Jenolan Caves

The Webb Family of Bathurst and Jenolan Caves

August 16, 2019

The Webb Building in Bathurst.

Writing one’s name on a cave wall, a popular memento of a 19th Century visit to Jenolan Caves is regarded as vandalism today – and rightly so! But those signatures continue to intrigue, for some tell a story beyond that goes beyond a day or two spent admiring those subterranean wonders. In the Flitch of Bacon cave, since 1923, is scratched the name 'Voss'. Did the young man responsible remember his handiwork when, as James Carvosso Wiburd, superintendent of Caves, he diplomatically dissuaded the future Empress of India, the Duchess of York, not to write her name in the cave, by saying “Ma'am, if you do that I shall have to take a long holiday”?

In a tiny alcove near the jawbone of a Tasmanian Devil, in the Imperial Cave, are two small names. These are of Edmund Webb and Catherine Webb, who were intimately connected with early cave exploration through their friendship with Jeremiah Wilson, 'The Crown Prince of Guides'.

It was Catherine, or Katie as she is more popularly known, that discovered the cave named after her, Katie's Bower , now the last stop on the Chifley cave tour.  The generally accepted story is that a party including Edmund Webb and his children made their way through what was then the left Imperial cave, by candlelight, until they came to a propitious decent into darkness. Katie pluckily went ahead down this narrow passageway, passing under a crystal formation dubbed the Mystery and into the cave soon to bear her name. The inscription ‘C Webb' near what is now called the Dragon's Head records her discovery. Katie went on to become one of the 'Cave Girls' an all-female group of intrepid cave explorers who defied Victorian conventions.

Did Katie’s father, Edmund Webb, defy convention too, in letting his daughter go caving and not sit at home doing needlework and waiting for a suitor? Certainly his record of public service and commercial success marked him as a man who led a life of achievement.

Originally a Cornishman, Edmund Webb arrived in New South Wales in 1847 aged 17, settling in Bathurst where he worked as a draper. Frugality paid off for him, and by November 1851 he was able to set up his own business. Three years later he married Selina Jane Jones, later naming the Selena cave after her.

By 1862, he had acquired his own building in the centre of Bathurst, the imposing  Webb Emporium, 169-181 George Street, opposite Machattie Park. The building was said to cover nearly two acres of ground.

In these days of online shopping department stores might be feeling the strain, but up until very recently they were the mainstay of commercial life, in every major town. Webb and Co. were no exception. Their clothes and shoes were sold all across the central west of NSW.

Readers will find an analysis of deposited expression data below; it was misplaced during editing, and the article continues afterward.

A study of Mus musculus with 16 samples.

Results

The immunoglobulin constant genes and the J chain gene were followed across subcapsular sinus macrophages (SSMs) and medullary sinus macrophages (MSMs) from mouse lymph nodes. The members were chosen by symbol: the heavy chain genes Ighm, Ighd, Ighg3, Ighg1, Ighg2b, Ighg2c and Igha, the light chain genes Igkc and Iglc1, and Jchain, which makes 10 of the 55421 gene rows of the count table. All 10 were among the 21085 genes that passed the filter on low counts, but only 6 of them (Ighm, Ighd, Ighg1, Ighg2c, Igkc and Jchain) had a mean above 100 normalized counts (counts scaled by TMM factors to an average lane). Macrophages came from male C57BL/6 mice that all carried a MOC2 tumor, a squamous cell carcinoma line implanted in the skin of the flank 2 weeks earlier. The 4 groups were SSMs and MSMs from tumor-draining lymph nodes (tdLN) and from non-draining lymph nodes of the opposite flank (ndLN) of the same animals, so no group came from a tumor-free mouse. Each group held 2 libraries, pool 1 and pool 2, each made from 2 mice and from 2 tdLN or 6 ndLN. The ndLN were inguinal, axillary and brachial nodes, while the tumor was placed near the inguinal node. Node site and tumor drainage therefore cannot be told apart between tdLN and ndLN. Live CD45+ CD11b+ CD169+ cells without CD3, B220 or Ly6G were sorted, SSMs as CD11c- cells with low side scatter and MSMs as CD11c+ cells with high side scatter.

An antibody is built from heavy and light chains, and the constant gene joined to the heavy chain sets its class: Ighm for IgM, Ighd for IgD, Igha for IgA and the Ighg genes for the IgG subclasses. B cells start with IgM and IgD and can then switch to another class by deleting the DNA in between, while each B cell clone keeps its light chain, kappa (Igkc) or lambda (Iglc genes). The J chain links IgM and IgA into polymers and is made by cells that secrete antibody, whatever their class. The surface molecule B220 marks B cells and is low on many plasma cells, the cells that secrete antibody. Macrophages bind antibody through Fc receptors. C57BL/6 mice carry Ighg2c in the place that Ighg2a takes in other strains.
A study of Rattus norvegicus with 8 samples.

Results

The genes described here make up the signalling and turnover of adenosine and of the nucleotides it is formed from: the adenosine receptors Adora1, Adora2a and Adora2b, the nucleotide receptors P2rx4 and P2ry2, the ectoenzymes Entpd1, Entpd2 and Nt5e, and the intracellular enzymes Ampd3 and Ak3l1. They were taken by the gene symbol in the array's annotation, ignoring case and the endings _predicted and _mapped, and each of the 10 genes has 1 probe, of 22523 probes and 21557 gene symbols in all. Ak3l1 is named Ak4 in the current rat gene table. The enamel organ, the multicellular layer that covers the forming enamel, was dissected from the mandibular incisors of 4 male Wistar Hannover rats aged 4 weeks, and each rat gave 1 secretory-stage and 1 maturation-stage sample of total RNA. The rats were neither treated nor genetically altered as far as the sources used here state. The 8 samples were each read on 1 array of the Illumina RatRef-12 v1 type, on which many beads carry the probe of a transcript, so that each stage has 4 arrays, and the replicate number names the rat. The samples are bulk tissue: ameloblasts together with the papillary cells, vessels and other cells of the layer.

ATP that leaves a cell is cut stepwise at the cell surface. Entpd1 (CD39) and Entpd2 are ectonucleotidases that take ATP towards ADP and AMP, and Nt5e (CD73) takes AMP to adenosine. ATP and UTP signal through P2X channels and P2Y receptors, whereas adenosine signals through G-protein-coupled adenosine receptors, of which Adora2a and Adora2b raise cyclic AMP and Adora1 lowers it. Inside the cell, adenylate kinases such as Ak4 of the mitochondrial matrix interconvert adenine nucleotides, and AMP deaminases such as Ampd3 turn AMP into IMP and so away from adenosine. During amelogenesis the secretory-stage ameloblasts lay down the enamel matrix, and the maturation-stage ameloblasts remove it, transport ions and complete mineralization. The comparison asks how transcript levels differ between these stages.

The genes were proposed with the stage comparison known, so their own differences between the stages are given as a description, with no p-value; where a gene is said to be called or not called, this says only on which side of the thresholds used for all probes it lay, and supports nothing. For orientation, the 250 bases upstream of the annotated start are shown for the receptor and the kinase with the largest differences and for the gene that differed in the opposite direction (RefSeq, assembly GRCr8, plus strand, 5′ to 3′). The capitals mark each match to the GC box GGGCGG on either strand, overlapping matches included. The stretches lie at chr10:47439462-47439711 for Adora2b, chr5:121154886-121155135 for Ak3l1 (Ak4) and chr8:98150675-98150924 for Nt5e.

A Methodist and a Freemason, Edmund Webb involved himself in civic affairs from the 1860's, becoming a member of the first Bathurst Borough Council in 1863, then Mayor in 1866, with further office in 1868 and 1875 to 1877.  His obituary said that as Mayor of Bathurst “He was regarded as exactly the stamp of a man required to direct the affairs of a progressive borough”.  

Both Newington College in Stanmore and the Methodist Ladies College in Burwood benefited from his support, as well as the Bathurst Mechanics School of Arts, the Bathurst District Hospital, and the Bathurst Agricultural Horticultural and Pastoral Association.

Parallel to all of this, he still found time to become immersed in politics. He was elected to the NSW Legislative Assembly as the member for West Macquarie from 1869 to 1874, then as the member for East Macquarie from 1878 to 1881.

Described somewhat uncharitably as a 'rabid Orangeman'  he none-the-less, along with Blue Mountains politician John Lucas, supported the push by Sir Henry Parkes to establish free, secular education and when offered the post of Colonial Treasurer, a position for which his business acumen would have served the state well, he declined “ he considered it impossible to hold a portfolio and have political independence of thought”.

His obituary in the National Advocate of the 26th June 1899 said, “ As the news became more widely known, it formed a genuine topic of sympathetic conversation, as Mr. Webb was one of  the pioneer captains of enterprise in the Western District and was known as a man of public spirit and generous impulse.”

So when today’s visitors explore Jenolan Caves, they follow in the footsteps of Edmond, Katie and Selena Webb, of Bathurst, people of enviable energy, in those pioneering days, who personified the spirit of enterprise, community, philanthropy – and adventure. The Chifley Cave, featuring Katie’s Bower, is open for guided tours every day.

After visiting Jenolan, Bathurst is a scenic hour’s drive, via Oberon. In Bathurst, you can view the old Webb Emporium building, before heading for the Australian Fossil and Mineral Museum, home of the world famous Somerville Collection and the Albert Chapman Collection, on temporary exhibition from the Australian Museum.